My research is concentrated in six distinct areas, though only in four of these do I remain active at the moment. To get more specific information and obtain a summary of my published research and seminars undertaken pursuant to each topic, click on the menu sub-heading link.
My most significant and long-running interest relates to the law of evidence, in all its forms. My recent research concentrates on two issues in particular: the validity of various hearsay reforms, and a concern about the “principled” approach to evidentiary admissibility, where I have attempted to question the argument that this approach automatically leads to better and more accurate decision making. In this area, I advocate the need for long-term study of results and periodic review of theoretical foundations to ensure that the “principle” continues to remain an important aspect of the discretionary exercise.
CRIMINAL LAW, CRIMINAL JUSTICE AND THE ADVERSARIAL PROCESS
My research on criminal justice and the adversarial process focuses upon the criminal trial and how its framework creates structural impediments to the interests of “outsiders” who wish to participate in the pursuit of justice. My concern particularly lies with the treatment of victims, and how long established barriers premised on an outdated vision of criminal justice are used to inhibit legislative initiatives designed to ameliorate the needs of those who suffer most visibly from criminal activities. I am also writing a book on the substantive principles of criminal law.
ANIMALS AND THE LAW
The relationship between animals and the law, and particularly the manner in which the law attempts to protect animals from harm by creating criminal sanctions, is a more recent area of interest for me. While I am interested in all aspects of this area of law, my research focuses primarily on three matters: 1) the inefficacy of the criminal sanction as a manner for protecting animals from harm; 2) the government’s use of criminal sanctions as a means of avoiding tough questions about how animals should be treated, and 3) the lack of any remedial options for animal advocacy groups under a welfare regime.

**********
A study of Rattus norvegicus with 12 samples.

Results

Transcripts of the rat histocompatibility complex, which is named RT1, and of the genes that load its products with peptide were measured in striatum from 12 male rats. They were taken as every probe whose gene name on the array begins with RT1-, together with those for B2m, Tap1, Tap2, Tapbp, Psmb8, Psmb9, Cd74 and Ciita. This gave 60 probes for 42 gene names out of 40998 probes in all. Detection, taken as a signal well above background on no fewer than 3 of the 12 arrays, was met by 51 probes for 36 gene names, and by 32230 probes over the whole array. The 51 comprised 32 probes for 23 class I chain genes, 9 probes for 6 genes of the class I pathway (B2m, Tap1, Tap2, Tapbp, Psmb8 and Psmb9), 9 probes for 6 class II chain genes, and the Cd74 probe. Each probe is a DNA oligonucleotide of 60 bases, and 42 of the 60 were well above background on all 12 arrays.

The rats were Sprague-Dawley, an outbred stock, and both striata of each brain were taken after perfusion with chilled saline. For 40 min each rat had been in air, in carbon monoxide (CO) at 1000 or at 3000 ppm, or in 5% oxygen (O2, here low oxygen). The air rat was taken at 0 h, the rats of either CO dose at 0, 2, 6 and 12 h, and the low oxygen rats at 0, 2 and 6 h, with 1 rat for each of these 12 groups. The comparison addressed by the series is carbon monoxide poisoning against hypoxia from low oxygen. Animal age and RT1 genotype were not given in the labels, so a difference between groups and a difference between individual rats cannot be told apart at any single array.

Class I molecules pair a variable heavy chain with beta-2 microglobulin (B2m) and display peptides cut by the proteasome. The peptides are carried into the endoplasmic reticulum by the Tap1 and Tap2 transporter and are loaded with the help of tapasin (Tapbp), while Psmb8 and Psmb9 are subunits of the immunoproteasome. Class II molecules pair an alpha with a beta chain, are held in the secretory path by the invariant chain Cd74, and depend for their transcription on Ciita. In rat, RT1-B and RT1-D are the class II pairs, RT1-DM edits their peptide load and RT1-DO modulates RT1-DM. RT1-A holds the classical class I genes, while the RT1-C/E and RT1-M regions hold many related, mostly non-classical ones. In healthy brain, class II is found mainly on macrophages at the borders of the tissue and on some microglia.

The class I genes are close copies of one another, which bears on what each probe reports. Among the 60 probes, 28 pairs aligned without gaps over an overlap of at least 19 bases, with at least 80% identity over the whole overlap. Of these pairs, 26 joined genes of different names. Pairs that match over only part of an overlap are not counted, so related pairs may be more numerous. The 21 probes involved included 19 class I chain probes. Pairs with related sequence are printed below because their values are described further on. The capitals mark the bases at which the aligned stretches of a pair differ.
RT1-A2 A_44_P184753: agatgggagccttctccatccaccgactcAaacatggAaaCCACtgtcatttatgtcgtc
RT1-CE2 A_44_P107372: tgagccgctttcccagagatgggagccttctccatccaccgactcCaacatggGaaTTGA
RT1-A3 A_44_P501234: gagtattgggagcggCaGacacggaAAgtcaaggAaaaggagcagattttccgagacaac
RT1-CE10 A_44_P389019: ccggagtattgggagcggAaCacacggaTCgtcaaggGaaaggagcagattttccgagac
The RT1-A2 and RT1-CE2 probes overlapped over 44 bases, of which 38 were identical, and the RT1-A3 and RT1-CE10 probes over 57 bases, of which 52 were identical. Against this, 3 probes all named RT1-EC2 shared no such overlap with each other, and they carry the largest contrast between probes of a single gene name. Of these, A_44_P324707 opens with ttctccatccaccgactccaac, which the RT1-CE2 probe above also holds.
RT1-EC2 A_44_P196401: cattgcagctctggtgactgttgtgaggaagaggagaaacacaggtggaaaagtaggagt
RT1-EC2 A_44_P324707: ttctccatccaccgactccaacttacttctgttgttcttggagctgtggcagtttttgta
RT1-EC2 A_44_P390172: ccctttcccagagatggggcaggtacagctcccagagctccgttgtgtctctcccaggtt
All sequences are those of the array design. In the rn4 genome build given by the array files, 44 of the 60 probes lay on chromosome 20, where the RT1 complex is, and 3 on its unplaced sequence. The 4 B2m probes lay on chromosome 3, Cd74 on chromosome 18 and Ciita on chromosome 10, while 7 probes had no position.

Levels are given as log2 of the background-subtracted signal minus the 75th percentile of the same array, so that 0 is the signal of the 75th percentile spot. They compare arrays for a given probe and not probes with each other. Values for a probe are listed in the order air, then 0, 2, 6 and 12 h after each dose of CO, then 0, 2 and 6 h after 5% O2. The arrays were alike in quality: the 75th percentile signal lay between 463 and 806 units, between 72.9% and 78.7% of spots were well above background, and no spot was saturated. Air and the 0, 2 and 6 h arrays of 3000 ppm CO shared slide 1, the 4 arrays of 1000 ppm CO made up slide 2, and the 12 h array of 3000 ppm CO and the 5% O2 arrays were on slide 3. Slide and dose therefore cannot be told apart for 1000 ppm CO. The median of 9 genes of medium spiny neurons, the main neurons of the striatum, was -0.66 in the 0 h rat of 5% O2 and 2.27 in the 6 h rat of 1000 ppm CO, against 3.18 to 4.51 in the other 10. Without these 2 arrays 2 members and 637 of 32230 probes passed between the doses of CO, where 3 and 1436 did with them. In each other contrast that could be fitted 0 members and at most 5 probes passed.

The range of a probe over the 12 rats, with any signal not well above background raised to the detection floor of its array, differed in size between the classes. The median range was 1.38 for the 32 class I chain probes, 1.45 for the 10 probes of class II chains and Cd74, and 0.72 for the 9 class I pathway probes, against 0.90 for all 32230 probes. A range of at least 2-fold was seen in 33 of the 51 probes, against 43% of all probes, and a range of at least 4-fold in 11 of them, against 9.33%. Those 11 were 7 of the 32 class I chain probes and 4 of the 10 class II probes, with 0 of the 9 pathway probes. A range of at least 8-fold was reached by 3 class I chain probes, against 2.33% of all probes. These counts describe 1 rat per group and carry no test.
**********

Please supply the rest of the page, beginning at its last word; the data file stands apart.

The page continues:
My most recent area of research interest is legal education. The focus of my research is primarily concentrated on the way in which students learn, and my efforts to look at new ways to engage today’s law students. In particular, I have begun researching the use of the “flipped classroom” in the law school context for the purpose of understanding whether this technique has the potential to be beneficial for the Millenial generation of students.
CONSTITUTIONAL (HUMAN RIGHTS) LAW IN THE CRIMINAL CONTEXT
A primary focus of my early research career, I am writing less often in this area today. Most of my early work concentrated on s.8 of the Canadian Charter of Rights, and the protection against unreasonable search and seizure, but I have also published articles on a number of topics relating to the defendant’s right to a fair trial, and the judicial role in ensuring that constitutional norms are respected.
CONSTITUTIONAL (HUMAN RIGHTS) LAW AND REMEDIES
While I am no longer writing in this area, it was the dominant focus of my research between 1996-2003. I have long had an interest in constitutional remedies, and the difficult task a court faces when it concludes that a particular state action or law conflicts with a constitutional imperative. While I considered a number of issues, my primary focus was narrowed to two aspects of the remedial dilemma: 1) How should a court approach the decision to exclude evidence from a criminal or civil trial subsequent to a constitutional violation by a state actor?, and, 2) How should the courts approach statutes which have the possibility of being constitutionally infirm in a relatively small number of cases? My research considered the first issue in both the Canadian and New Zealand context, while the second was restricted to examination of the Canadian Charter of Rights, and the constitutional exemption doctrine.